Column: Will spring be here soon? I'm ready for the circusWORTHINGTON — I am not the Minnesotan I used to be. I remember well when someone would report, “It’s really cold,” and I would think, “Well, I’ve got a good coat, I’ve got a good cap,” and I would plunge into the cold feeling snug — or smug. (This was in a time when I also wore zipper overshoes and a wool scarf around my neck.)
By: Ray Crippen, Worthington Daily Globe
WORTHINGTON — I am not the Minnesotan I used to be. I remember well when someone would report, “It’s really cold,” and I would think, “Well, I’ve got a good coat, I’ve got a good cap,” and I would plunge into the cold feeling snug — or smug. (This was in a time when I also wore zipper overshoes and a wool scarf around my neck.)
When a winter storm was forecast, I hoped this one would be the big one that would be remembered through ages. Big storms made big news and exciting front pages. Big snow drifts made great photos.
Even in a time when I was old enough most certainly to know better, I might see a patch of ice, run a couple of steps and go sliding. We had many winter jokes —
What does a snowman eat for breakfast? Frosted flakes.
When Minnesotans first took to heading south for the winter, I was truly puzzled. Why would people leave God’s country for three months in a desert? Why would anyone give up home and Nobles County for a motel room in Mississippi?
I never have gone south in a winter — and I still am not tempted — but I’ll tell you: my enthusiasm for winter has become so tiny you can scarcely see it. I have been ready for spring since Christmas Day. And this is a mild winter.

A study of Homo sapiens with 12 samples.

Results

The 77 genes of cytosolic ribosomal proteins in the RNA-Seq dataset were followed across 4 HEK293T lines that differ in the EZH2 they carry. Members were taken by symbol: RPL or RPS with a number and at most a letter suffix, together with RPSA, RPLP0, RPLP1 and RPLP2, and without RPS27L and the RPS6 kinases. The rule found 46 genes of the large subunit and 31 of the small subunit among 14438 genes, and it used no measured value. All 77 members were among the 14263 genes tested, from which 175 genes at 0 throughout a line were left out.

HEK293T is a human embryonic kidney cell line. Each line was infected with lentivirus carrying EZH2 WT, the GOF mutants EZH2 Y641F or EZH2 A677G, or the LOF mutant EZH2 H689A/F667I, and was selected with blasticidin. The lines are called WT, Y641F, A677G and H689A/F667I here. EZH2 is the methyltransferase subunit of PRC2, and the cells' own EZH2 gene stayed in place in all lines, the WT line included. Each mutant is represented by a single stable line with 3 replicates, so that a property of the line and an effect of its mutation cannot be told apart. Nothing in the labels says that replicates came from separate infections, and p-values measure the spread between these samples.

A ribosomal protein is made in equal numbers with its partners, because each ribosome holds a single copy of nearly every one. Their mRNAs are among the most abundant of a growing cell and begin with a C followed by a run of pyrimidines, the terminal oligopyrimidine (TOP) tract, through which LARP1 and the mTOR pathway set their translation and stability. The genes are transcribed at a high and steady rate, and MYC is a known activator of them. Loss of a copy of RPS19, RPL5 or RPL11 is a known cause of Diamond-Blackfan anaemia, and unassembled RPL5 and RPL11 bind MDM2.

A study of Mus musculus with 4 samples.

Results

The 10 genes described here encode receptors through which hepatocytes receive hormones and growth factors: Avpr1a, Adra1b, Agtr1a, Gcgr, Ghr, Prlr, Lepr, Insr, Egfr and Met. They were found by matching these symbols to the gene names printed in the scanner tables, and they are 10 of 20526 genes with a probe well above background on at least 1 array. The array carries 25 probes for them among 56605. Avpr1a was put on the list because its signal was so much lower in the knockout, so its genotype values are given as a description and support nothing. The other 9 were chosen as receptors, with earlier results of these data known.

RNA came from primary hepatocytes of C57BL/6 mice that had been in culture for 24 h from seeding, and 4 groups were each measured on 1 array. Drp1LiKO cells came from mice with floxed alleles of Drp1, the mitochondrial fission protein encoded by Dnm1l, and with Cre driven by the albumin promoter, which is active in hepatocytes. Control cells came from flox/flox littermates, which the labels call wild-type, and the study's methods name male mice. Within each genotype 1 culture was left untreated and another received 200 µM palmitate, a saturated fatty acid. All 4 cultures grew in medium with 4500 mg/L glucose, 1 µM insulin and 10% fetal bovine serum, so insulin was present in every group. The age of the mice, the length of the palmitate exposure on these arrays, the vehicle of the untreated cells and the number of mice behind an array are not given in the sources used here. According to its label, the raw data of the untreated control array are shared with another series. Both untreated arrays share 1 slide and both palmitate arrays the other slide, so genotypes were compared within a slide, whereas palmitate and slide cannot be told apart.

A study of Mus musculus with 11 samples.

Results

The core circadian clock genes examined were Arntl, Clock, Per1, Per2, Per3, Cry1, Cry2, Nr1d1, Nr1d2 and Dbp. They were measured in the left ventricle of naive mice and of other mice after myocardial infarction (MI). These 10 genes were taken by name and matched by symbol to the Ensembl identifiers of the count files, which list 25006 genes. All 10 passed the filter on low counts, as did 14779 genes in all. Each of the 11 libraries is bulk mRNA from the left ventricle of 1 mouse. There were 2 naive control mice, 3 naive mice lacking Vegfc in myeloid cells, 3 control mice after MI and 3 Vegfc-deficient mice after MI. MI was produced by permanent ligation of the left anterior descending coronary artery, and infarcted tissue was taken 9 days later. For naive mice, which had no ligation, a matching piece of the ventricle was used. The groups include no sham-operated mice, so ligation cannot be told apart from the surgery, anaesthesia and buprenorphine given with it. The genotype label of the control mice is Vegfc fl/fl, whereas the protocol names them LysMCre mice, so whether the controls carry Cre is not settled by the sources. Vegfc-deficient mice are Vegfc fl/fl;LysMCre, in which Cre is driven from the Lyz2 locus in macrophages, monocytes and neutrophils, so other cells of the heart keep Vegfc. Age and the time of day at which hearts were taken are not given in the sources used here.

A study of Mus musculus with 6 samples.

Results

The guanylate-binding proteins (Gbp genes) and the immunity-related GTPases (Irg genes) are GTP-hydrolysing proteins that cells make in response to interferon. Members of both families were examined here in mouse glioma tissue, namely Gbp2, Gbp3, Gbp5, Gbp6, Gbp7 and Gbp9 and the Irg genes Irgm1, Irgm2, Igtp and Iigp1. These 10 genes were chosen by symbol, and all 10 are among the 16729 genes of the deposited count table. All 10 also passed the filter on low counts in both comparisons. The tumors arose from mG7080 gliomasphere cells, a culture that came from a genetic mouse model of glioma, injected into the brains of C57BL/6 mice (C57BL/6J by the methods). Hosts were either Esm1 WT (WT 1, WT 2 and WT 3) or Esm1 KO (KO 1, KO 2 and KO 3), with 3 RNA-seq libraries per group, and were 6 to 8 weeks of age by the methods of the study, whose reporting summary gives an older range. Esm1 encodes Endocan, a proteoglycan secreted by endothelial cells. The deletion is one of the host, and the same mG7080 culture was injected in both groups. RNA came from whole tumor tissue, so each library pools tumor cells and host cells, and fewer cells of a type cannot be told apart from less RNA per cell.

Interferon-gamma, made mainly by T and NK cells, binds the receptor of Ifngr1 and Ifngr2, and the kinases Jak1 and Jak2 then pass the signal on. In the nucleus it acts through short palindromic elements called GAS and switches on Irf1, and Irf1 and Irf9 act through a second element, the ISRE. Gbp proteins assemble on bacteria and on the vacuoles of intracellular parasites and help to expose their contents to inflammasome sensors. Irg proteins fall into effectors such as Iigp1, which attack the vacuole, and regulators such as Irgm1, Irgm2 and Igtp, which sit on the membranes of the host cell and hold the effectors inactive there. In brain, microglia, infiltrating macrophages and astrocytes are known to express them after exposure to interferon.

Among several things — I don’t how this started — I have been thinking of sunny days and circuses. It beats thinking about the ice on the driveway.
There still were many maps that didn’t even have Worthington’s name on them — 1873 — when Barnum & Bailey’s Circus, the biggest and the best, came to town. It was a time even before Ringling Brothers.
On the long railroad track between St. Paul and Omaha, there is only one place where the rails are near a lake shore. This is at Worthington. Lake Okabena. This is the chief explanation for Barnum & Bailey’s stop on the Minnesota frontier. The circus people led their creatures to the lake to drink and wallow. There were elephants in Lake Okabena before there were motor boats.
In the early 1930s there was a traveling tent show — I need help on this. I think the show was Alger Brothers, although I don’t find reference to such a show, even on the Internet. Alger Brothers set up their tent near Ninth Street, on an empty Rock Island Railroad plot north of Lake Okabena. They did melodramas — the villain proposed to the fair lady and she replied (in song), “No! No! A thousand times no. I’d rather die than say yes…”
The last big tent show to make an appearance at Worthington was the Carson & Barnes Circus. My — how long ago was that? Thirty years?
For a great long time there were Worthington residents who never forgot the day the greatest traveling show of them all came to town: Buffalo Bill’s Wild West — and — Pawney Bill’s Far East.
This was just after the turn of the 20th century. By that time, Buffalo Bill’s Wild West had toured nearly all of America and much of Europe. Queen Victoria went to see the spectacle.
Buffalo Bill did not parade. Annie Oakley and Sitting Bull were no longer with the show at Worthington. But, group by group, with horses and equipment, the performers did proceed down 10th Street and on to the Clary Street fairgrounds.
There was a troop of mounted American Indians. A troop of cowboys. There were “fearless Arabians on their Native Steeds” and Royal Irish Dragoons. Japanese soldiers.
The great legend himself, Buffalo Bill — William F. Cody — rode his horse down Worthington’s main street as the procession made its way to the show site.
People afterward talked of the horseback football game with Cowboys vs Indians. Wonder never ceased for the re-enactment of a frontier battle — 100 American Indians in an attack on a pioneer settlement.
Great and ongoing credit to the people of the Shrine Circus. Through recent years they have been unfailing in bringing their great shows to Worthington. It is the one chance kids have any longer to see a circus.
Oh, I hope this winter will be a short one.
Ray Crippen is a former editor of the Daily Globe. His column appears on Saturdays.